FUN WAYS TO IMPROVE YOUR CHILD’S ENGLISH VOCABULARY



Young children are like clay. So it’s crucial to indulge them in English vocabulary right from the start. While formal education helps in academic vocabulary, parental involvement is crucial for advanced vocabulary. A broad vocabulary boosts a child’s social skills and confidence.

Here are some fun and easy ways to improve vocabulary and put English vocabulary in use naturally:


· TALK!

Parent-child conversations are important vocabulary builders. Every time you tell them about your day, use some new vocabulary. Make conversations a priority.

Ask them open ended questions about how their own day was.


· PLAY TOGETHER.

Games are fun and a great bonding time. Kids always catch new words to learn while playing

Scrabble or boggle. It’s a good vocabulary practice when they play with other kids later.


· TEACH THROUGH PHOTOS.

If your child learns a new noun, find a picture of it and show them. Spelling out their favourite dishes can improve their food vocabulary. Or enact the verbs they learn. This will turn into a fun game and putting vocabulary in use will embed the word in their head.


· ENCOURAGE QUESTIONING:

Take time to explain meanings from their new vocabulary list if they ask you. You can also enthusiastically find meanings together. Teach them to be confident and to not hesitate to speak up. If you learn something new, tell them so that they know that learning is a lifelong process and it is okay to not know everything. This will open them up to question something they don’t understand.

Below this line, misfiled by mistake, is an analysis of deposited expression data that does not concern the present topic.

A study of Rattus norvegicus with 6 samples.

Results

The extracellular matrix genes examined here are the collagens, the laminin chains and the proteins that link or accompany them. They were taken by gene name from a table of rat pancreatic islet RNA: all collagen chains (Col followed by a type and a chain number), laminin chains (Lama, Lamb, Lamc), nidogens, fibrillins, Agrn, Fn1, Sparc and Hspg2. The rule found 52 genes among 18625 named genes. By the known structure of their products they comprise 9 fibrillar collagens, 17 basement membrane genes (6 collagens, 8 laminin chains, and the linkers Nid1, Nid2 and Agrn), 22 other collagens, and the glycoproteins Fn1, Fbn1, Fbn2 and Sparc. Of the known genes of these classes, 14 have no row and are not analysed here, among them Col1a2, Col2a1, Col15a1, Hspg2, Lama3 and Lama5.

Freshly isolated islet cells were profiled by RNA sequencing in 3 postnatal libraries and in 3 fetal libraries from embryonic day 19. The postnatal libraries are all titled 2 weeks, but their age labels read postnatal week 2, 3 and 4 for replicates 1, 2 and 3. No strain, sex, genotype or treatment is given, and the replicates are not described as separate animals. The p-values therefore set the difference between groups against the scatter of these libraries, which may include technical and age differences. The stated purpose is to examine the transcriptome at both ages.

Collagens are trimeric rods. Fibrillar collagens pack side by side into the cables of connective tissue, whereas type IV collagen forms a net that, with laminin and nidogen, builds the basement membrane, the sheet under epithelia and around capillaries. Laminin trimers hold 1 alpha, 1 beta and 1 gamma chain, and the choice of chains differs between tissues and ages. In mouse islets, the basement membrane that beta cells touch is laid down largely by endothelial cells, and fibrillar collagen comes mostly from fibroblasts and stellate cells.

· ENCOURAGE READING:

This is something extremely valid. It is obvious that books typically include a wide range of words, wider than our daily vocabulary. Reading with them or reading aloud to your child will expose them to more challenging words and create opportunity for conversation.


· DON’T LOWER YOUR OWN VOCABULARY LEVEL:

So many people use silly words to make conversations easier for very young kids. This is a very wrong move for the development of a child. If not very complex, it’s best to start with daily use English words. Don’t ‘dumb-down’ your own vocabulary to talk to your child. Aim to speak to them as if you’re speaking to an adult. The more they put their English vocabulary in use, the more confident they’ll grow in using newly learnt words.


· ENCOURAGE WRITING:

Try writing stories or diary entries with them. If they enjoy it, you can help include writing in their daily routine. This way their vocabulary learning will also cater to their creativity and imagination skills. If they don’t enjoy writing so much, they could simply write the new vocabulary words they learn and end up learning 300+ new English words each year. Make sure they thoroughly know and understand the meaning of these new words.


· REPEAT. REPEAT. REPEAT.

If your child is very young, they will need to encounter a word at least 4 to 12 times before it is embedded in their long-term memory. Whenever you teach them a new word, try putting it up in conversations every now and then or use various vocabulary examples until they themselves start to use it naturally.


Remember not to bombard your child with lots of new English vocabulary words all at once and instead start with one step at a time with basic English words.